Itztlacoliuhqui; The Aztec God of Winter, Weaving A Legend – Chana Freidl the Maker

This Dude Has the Longest Name, Why Did I Decide To Weave It?


For full documentation and more photos see

In this entry, I describe the various complications I encountered with my weaving, both in technique as well as research.  I had several grand ideas that didn’t play out as expected, and had to adjust my plan numerous times in order to meet my deadline for the competition.  During the judging for my piece, I received a couple suggestions on how I could improve or change it, to which I replied, “That would be an interesting thing to do, when I can find the time.”

Then a pandemic hit, and as I was sitting at home for four months, not able to go to my job as a preschool teacher, I decided it was about time for me to act on those comments on my Aztec band and rework it again.  What you will see in these images is the result – a more period accurate technique and cleaner workmanship were only the beginning.  I was happy to be able to take the constructive criticism of my work given at the competition and turn it into productivity.  While there are still plenty of things I would have done differently, I am pleased with the quality of work I produced.

23 thoughts on “Itztlacoliuhqui; The Aztec God of Winter, Weaving A Legend – Chana Freidl the Maker

  1. Thank you Arabella! I’m not the best at solid research papers, so I find a conversational writing style a more comfortable way to get my information across. Good luck in the competition! Your work is amazing, as always!

  2. This makes me so happy in so many levels. On 15 May 2021, there will be “Huapuhua: New World Symposium” hosted by Barony of Marinus of Atlantia. Please email me if you want more information or better yet would like to teach a class. There is also a New World FB group.

  3. Very nice. I believe I saw the first version. It’s great to see you revisit a project and implement advice and feedback.

    1. Thank you! I showed this piece in progress at St. Eligius, so that’s probably where you saw it.

  4. This is extremely cool to see; and I love seeing your talent grow. Thank you for sharing it with us.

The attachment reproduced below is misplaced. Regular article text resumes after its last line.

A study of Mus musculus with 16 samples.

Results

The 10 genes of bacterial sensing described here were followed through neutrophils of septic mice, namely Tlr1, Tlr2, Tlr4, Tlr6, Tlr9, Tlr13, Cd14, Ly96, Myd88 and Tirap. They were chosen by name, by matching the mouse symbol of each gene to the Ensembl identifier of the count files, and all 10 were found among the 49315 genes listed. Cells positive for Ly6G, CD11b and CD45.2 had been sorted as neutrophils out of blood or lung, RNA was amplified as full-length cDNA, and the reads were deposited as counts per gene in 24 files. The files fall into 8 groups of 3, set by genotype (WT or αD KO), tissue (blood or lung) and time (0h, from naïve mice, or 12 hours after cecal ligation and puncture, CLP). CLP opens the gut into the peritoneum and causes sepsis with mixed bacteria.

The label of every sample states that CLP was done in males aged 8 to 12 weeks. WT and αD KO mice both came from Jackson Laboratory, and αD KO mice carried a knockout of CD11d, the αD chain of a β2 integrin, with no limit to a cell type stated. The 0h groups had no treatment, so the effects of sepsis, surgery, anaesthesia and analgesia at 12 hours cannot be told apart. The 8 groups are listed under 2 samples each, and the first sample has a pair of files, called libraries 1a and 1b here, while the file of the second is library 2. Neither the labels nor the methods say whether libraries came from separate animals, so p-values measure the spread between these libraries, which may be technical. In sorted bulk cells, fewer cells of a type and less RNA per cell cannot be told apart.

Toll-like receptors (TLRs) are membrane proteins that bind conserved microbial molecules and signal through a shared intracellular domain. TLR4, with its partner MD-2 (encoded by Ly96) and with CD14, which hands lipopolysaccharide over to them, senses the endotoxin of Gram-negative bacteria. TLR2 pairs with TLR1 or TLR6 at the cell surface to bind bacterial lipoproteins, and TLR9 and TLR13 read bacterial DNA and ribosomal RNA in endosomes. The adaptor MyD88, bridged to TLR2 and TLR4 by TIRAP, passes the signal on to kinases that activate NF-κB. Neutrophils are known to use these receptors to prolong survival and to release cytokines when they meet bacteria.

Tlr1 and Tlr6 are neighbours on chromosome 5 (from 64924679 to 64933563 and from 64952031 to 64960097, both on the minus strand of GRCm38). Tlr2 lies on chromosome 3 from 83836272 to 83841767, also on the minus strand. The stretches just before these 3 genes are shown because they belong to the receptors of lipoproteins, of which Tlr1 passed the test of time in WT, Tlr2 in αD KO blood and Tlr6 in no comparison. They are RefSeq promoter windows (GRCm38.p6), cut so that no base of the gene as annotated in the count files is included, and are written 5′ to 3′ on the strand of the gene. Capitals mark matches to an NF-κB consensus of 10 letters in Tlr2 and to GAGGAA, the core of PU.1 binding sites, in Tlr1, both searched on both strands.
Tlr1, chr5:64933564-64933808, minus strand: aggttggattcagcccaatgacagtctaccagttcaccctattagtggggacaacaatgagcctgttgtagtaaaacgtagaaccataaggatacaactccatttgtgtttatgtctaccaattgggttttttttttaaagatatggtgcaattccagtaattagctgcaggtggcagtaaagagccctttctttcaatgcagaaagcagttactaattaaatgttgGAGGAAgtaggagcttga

5. Oh my goodness, thank you! I hardly feel like I’m skilled or knowledgeable to teach a class, but I would love to see a bit more about the event!

  6. I really love that this entry is a piece you’ve improved as a result of previous feedback. Wonderful to see the growth in your art & your understanding of technique. Very enjoyable documentation style.

  7. This is a really nice presentation. It was interesting following your journey in the creation of your entry. Thank you entering.

  8. I love that this project is a revisit to a previous project based on feedback. I enjoyed reading your materials. Well done.

  9. There is so much in this project that I love! I love that you used a New World culture for inspiration, that you tried a new weaving technique, and that you made a second version based on feedback. I can’t wait to see what you do next!!

  10. Your work is amazing! It was very interesting to read about your process and how you made changes based on feedback you received. I think weaving is magic and your piece embodies that magic. Thank you!

  11. Wow, so impressive! I love this — both the really complicated and well-executed band/remake, and the extremely thorough documentation. It’s so cool to see a project from a place that not many SCAdians portray…I’ve always enjoyed learning about the Maya and Aztec. I’d love to learn more about Maya Blue if you end up experimenting with that later!